Church leaders in Kenya have said they are holding the government responsible for two explosions at a constitution prayer rally in Nairobi, in which seven people died and nearly 100 were injured on 13 June - writes Fredrick Nzwili.
The church leaders, who have been campaigning for a "No" vote against a proposed draft constitution, condemned the attack as an affront to the Christian faith, and sent their condolences to the families of those who had died.
"Having been informed over and over that the passage of the new constitution is a government project, we are left with no doubt the government, either directly or indirectly, had a hand in this attack. Who else in this country holds explosives?" said the Rev Peter Karanja, General Secretary of the National Council of Churches of Kenya.
"We therefore hold the government and the "Yes" team responsible for the attack and the blood that was shed, unless they prove to Kenyans that someone else planted and detonated the devices," said Karanja.
The rally, organised by senior Evangelical and Pentecostal church leaders to pray for the rejection of the draft constitution, had gone peacefully until the explosions took place shortly before the event was due to end.
"It is very unfortunate this has happened but we stand firm and refuse to be intimidated," Bishop David Oginde of the Nairobi Pentecostal Church told journalists soon after the blast.
Thousands of Christians had danced and sung, and were praying when the first of the explosions took place at about 7.00 p.m. at Uhuru Park in the centre of Nairobi.
""We condemn this attack in the strongest terms. I want to let Kenyans know Christians have won," said Pastor James Ng'ang'a, the leader of Neno Evangelism, a large Pentecostal church.
The draft constitution will face a referendum on 4 August but the issue has split the country between the majority Christians and minority Muslims. Christian leaders reject the draft because it entrenches Kadhis, as Islamic courts are known. They also say the proposed constitution will legalise abortion and reduce freedom of worship.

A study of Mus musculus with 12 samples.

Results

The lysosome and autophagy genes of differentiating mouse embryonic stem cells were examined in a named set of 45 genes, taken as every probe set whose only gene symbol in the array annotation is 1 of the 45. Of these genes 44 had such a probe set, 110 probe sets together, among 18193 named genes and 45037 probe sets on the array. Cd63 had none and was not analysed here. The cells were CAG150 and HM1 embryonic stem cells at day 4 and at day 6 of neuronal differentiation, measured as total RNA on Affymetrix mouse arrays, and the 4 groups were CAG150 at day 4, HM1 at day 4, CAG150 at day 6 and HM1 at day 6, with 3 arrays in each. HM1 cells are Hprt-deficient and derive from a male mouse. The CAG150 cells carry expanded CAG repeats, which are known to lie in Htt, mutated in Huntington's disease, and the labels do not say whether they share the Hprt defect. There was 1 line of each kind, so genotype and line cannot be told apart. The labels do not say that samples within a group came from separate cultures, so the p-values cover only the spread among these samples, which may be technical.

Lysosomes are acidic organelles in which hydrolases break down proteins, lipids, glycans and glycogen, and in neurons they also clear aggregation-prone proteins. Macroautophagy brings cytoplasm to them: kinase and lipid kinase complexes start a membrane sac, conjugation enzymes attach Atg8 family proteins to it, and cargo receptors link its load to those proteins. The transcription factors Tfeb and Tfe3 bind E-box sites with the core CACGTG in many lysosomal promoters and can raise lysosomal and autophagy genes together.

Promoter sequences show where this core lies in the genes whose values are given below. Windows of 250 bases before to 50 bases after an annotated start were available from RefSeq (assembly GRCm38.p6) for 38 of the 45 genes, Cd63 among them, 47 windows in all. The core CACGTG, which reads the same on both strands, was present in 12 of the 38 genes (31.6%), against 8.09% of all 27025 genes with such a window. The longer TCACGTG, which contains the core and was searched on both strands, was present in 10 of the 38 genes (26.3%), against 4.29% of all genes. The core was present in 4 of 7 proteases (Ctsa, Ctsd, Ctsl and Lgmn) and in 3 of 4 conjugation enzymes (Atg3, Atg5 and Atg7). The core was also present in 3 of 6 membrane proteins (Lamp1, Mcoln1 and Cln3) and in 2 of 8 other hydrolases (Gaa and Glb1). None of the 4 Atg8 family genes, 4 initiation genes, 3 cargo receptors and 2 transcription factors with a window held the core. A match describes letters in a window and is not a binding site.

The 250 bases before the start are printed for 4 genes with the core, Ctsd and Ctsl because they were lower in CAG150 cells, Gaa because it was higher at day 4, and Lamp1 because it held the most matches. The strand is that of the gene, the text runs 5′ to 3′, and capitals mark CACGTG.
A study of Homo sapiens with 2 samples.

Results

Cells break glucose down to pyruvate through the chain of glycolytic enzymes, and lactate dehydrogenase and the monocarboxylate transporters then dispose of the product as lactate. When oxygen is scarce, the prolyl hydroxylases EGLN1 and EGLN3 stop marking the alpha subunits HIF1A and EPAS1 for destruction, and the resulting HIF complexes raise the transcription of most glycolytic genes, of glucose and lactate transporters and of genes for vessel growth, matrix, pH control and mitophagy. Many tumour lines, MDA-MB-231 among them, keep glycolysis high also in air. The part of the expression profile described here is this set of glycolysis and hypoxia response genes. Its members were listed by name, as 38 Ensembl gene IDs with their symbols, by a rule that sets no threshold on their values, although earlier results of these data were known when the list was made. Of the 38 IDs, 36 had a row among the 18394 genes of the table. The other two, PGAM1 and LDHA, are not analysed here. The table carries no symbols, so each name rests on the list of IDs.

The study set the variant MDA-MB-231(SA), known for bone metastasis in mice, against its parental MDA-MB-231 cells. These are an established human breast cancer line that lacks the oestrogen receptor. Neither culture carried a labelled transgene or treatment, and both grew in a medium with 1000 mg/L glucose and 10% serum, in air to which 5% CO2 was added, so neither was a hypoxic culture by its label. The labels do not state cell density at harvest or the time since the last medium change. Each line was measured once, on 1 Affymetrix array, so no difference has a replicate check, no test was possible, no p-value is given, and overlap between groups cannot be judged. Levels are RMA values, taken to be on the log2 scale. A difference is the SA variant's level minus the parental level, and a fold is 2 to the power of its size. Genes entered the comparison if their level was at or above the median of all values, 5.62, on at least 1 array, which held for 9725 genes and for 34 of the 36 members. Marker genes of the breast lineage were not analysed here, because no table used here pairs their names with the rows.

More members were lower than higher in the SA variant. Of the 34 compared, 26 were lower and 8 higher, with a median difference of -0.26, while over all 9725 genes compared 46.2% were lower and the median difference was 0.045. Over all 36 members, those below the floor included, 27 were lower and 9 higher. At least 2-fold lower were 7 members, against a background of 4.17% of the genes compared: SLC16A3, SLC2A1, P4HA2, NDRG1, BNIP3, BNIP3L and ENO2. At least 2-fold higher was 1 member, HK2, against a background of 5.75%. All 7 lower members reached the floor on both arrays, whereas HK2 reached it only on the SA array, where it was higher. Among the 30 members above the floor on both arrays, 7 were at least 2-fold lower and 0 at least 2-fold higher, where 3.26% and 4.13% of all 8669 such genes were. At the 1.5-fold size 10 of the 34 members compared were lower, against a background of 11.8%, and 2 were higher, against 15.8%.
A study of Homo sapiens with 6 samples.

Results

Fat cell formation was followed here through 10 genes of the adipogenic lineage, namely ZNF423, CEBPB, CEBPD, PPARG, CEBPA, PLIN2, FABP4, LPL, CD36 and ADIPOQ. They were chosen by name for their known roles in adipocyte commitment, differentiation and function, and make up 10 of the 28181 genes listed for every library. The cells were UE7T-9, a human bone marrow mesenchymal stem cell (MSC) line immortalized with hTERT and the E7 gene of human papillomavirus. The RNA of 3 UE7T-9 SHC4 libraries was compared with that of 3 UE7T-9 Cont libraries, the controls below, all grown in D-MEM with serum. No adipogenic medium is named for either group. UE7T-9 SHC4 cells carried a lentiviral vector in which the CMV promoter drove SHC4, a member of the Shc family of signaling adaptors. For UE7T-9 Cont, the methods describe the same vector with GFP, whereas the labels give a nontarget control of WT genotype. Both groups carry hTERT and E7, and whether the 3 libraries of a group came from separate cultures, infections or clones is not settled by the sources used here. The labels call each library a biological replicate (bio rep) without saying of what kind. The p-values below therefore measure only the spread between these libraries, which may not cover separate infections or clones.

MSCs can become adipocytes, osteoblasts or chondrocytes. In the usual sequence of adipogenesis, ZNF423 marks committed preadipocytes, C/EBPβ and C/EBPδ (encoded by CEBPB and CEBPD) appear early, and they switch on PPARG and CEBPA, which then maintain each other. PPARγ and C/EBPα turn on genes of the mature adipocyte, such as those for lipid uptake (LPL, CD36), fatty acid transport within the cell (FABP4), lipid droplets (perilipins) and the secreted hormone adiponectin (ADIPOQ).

The government says it wants the document accepted but Christian leaders and some politicians have warned the authorities not to force it on the people.
"We are being asked to pass this constitution hurriedly but take time and ask yourselves why they are pushing us to speedily pass the new law," said Bishop Mark Kariuki of the Life Celebration Centre at the rally.
The leaders are also questioning what they see as US interest in the draft after, they say, American Vice-President Joe Biden endorsed the draft.
"What is it in this new constitution that has attracted Americans until their VP says pass this law and we will give you money for investment," said Bishop Kariuki.
The BBC reported on 14 June that, after an emergency security meeting, Prime Minister Raila Odinga had confirmed it had been a grenade attack and said a top police team was investigating it.
Previously, Odinga had said it was an isolated case that should not be linked to the referendum. Christian leaders responded by continuing to accuse those supporting the law of carrying out the attack on them.
[With acknowledgements to ENI. Ecumenical News International is jointly sponsored by the World Council of Churches, the Lutheran World Federation, the World Alliance of Reformed Churches and the Conference of European Churches.]